Documenting Love to Help It Live On
I watched a tribute video to a husband and father who recently died from ALS. Tears filled my eyes over tender moments of a toddler kissing and hugging his dad, jumping on his lap, and driving matchbox cars on his head while the dad smiled. The man radiated love for his little boy and another son who would be born after his death.
We have similar videos and photos of my husband, Todd, capturing ordinary moments of daily life with our daughter and son.
A week after Todd’s ALS diagnosis, we took our then 4-year-old daughter, Sara, and 10-month-old son, Isaac, to the beach. I took pictures of Todd and the kids, aware that I was taking pictures for the future.
Four months later, we took the kids trick-or-treating for Halloween. Sara loved the movie “Mary Poppins,” so she dressed up as Mary from the “Jolly Holiday” scene. Isaac made a perfect penguin from that same scene, and having just learned to walk a few months earlier, he waddled down the sidewalk. We transformed Todd into Bert with a hat made from cardboard and by applying stripes to one of his sport jackets with masking and red electrical tape. After collecting candy at one house, Mary Poppins raised her parasol, and Bert held her other hand and helped her fly off the stoop.
Todd’s legs were stiff and sore the next day. At that point, even minimal physical activity was exhausting for him, but we banked the memory. It felt like an accomplishment to experience the magic of ordinary living that weekend.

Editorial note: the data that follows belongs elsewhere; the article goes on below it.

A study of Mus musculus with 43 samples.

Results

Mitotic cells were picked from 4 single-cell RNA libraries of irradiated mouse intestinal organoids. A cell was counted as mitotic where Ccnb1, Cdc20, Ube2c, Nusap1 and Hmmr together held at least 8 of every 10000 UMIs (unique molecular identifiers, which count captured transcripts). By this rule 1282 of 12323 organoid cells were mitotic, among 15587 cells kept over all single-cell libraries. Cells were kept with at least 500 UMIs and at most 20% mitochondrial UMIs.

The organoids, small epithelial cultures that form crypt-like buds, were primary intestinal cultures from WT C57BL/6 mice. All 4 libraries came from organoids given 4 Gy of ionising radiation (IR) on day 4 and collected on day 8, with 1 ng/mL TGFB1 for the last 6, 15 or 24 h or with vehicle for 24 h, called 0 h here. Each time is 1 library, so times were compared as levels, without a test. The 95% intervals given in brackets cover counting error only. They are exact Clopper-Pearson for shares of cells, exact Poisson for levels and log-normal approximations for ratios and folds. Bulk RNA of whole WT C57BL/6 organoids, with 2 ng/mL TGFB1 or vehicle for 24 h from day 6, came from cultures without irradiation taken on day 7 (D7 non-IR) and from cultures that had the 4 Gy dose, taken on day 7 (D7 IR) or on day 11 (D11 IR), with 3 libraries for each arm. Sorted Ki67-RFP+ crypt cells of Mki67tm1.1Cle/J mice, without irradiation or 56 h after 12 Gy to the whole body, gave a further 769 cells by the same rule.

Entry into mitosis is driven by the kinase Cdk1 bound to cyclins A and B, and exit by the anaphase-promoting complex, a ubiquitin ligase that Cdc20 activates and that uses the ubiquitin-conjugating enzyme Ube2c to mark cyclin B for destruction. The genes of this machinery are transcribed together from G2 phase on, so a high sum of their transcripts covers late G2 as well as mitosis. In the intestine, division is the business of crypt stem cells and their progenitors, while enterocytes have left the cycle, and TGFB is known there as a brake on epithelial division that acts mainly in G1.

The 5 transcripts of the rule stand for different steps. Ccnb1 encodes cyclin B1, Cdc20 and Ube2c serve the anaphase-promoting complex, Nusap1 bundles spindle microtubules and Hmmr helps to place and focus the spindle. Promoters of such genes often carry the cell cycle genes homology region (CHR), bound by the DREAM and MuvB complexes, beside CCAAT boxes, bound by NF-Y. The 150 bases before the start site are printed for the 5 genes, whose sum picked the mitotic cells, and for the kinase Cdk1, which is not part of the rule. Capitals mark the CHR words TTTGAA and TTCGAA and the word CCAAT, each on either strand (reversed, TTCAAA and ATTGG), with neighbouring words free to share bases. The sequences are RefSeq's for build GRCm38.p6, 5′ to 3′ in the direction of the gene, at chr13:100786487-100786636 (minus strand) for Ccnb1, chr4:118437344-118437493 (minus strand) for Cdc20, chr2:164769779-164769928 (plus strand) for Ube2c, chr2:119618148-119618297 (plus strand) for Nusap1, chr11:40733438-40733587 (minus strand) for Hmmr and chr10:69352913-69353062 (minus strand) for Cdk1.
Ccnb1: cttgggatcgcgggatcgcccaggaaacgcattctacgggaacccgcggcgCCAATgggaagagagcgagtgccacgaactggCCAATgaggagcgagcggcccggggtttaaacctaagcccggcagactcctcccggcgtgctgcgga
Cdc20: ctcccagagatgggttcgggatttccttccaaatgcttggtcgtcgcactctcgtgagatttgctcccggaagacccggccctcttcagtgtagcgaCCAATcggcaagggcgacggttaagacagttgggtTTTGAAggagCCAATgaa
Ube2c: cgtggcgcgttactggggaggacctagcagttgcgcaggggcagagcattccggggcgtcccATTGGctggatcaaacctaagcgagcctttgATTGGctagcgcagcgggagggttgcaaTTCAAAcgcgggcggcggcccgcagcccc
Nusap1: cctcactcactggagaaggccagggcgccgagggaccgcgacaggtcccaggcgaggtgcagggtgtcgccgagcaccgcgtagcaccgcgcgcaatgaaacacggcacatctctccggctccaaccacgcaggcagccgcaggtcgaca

For Father’s Day when Sara was 5, about a year after Todd’s diagnosis, I helped her write a book called “Sara’s Stories for Dada.” I wrote down stories she told me about getting ice cream with Daddy and buying a feather sword at a Wiggles concert, and she illustrated.
Not knowing the timeline of the disease progression, I felt an urgency to document what memories we had time to make. I thought by now I would be showing them pictures and saying, “See how much Dad loved you.”
As it turns out, Todd has survived the disease for more than a decade, but every year is closer to a time when he will not be with us. I keep taking pictures, and I encourage Todd to write, because letters, photos, and videos are ways for his love to live on from the grave.
I asked my friend what helped her girls get through the death of their father to cancer when they were just 9 and 11. She said, “They knew their dad loved them.” After he died, they continued to live in his love.